Fileless malware is also capable of exploiting the vulnerabilities of a system through its administrative privileges. Once it has gained topmost access to a system, PowerShell may be used to execute a series of hidden commands. These commands vary depending on the attacker’s intended goal, as well as the length of time in which the attack will take place. Due to the fact that fileless malware infections do not depend on endpoints to sustain their connectivity, the window of availability to execute commands is unknown as the system could be rebooted at any point of time.
Because the attack resides in memory, however, means that it is only halted and could lead to threat actors planting registry entries in support of ongoing attacks. This is also done by setting scripts to run even after a user restarts the system. Fileless malware is difficult to detect because it uses the system’s own commands to execute attacks, confounding antivirus (AV) programs by hindering them from generating signature definitions based on their own characteristics. This, of course, is due to the fact that no payload is used to infect the system.
Financial institutions are prone to these types of infections due to the stealth and minimal footprint of fileless malware. There have been reports of several threat actors pairing fileless malware with other cryptographic modules to make it even more difficult to protect against these types of attacks.
But increased usage of fileless malware doesn’t make it more detectable; in fact, the exact opposite occurs. Even with awareness made possible through reporting, detection rates are very low, especially as it relates to remotely controlled systems. Fileless malware is known for infiltrating data, facilitating with other exploits to deliver multiple payloads (while not traceable to the fileless malware, itself), all while simultaneously erasing its traits and characteristics. In fact, anti-forensic tools are used so that it remain completely invisible, making it an advanced volatile threat (AVT).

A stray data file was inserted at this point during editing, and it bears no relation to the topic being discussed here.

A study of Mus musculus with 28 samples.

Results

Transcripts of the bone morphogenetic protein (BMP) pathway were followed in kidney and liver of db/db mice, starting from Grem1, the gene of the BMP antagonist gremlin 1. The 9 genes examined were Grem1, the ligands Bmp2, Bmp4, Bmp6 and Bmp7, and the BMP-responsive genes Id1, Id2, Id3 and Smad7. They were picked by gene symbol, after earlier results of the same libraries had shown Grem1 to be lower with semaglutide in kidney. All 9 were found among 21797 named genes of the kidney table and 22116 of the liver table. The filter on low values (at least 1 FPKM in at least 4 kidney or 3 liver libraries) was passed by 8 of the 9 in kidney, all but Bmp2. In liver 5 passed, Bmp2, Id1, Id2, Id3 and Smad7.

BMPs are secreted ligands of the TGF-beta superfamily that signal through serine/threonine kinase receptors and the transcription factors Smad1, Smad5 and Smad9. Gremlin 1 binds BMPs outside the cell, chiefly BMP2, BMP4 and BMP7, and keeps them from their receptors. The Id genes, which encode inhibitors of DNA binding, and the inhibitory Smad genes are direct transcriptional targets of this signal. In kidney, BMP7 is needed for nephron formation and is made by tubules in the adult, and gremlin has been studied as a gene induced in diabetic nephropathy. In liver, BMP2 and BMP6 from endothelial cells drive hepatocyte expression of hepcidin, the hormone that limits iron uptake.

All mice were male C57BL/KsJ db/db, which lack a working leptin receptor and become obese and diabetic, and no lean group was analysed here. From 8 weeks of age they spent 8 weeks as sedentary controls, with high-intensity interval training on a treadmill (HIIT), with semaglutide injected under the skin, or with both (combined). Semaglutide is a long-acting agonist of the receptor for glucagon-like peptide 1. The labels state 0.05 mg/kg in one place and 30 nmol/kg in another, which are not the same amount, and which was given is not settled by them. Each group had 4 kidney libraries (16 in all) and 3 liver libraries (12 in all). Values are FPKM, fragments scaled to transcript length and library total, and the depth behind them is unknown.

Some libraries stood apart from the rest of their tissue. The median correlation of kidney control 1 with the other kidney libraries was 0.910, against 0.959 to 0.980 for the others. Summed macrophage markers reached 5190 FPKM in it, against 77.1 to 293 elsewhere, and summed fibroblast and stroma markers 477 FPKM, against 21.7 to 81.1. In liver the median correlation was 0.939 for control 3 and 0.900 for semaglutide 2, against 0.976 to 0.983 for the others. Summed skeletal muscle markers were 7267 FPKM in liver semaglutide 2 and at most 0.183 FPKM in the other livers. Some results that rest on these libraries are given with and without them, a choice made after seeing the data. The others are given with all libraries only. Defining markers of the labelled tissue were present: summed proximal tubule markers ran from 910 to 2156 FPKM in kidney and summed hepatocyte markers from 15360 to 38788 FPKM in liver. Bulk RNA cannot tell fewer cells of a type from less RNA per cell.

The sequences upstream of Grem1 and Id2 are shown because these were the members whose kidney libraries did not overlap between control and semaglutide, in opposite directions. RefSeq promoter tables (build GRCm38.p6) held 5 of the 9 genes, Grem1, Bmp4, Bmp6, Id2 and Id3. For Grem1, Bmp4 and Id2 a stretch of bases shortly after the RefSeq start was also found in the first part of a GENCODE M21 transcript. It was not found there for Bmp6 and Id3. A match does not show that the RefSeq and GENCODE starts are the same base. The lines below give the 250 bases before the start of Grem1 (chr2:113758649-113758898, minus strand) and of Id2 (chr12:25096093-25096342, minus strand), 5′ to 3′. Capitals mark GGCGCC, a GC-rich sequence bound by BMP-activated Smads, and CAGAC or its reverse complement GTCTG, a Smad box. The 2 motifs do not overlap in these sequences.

Working Example of How a Fileless Malware Attack might Occur
Suppose a netsh command was issued from PowerShell or a Windows command prompt to create a network connection, after assigning a static IP address and configuring it to use a proxy IP address. This, alone, is a common use case. Things becomes suspicious, however, when an unknown script is discovered running on the computer. The newly created network connection could then be used as a means to transport data to a remotely connected device somewhere across the world. Such use cases are gaining traction day by day. And with the number of Internet-capable device constantly growing, the threat of fileless malware may be as omnipresent as the concept of Internet of Things (IoT), itself.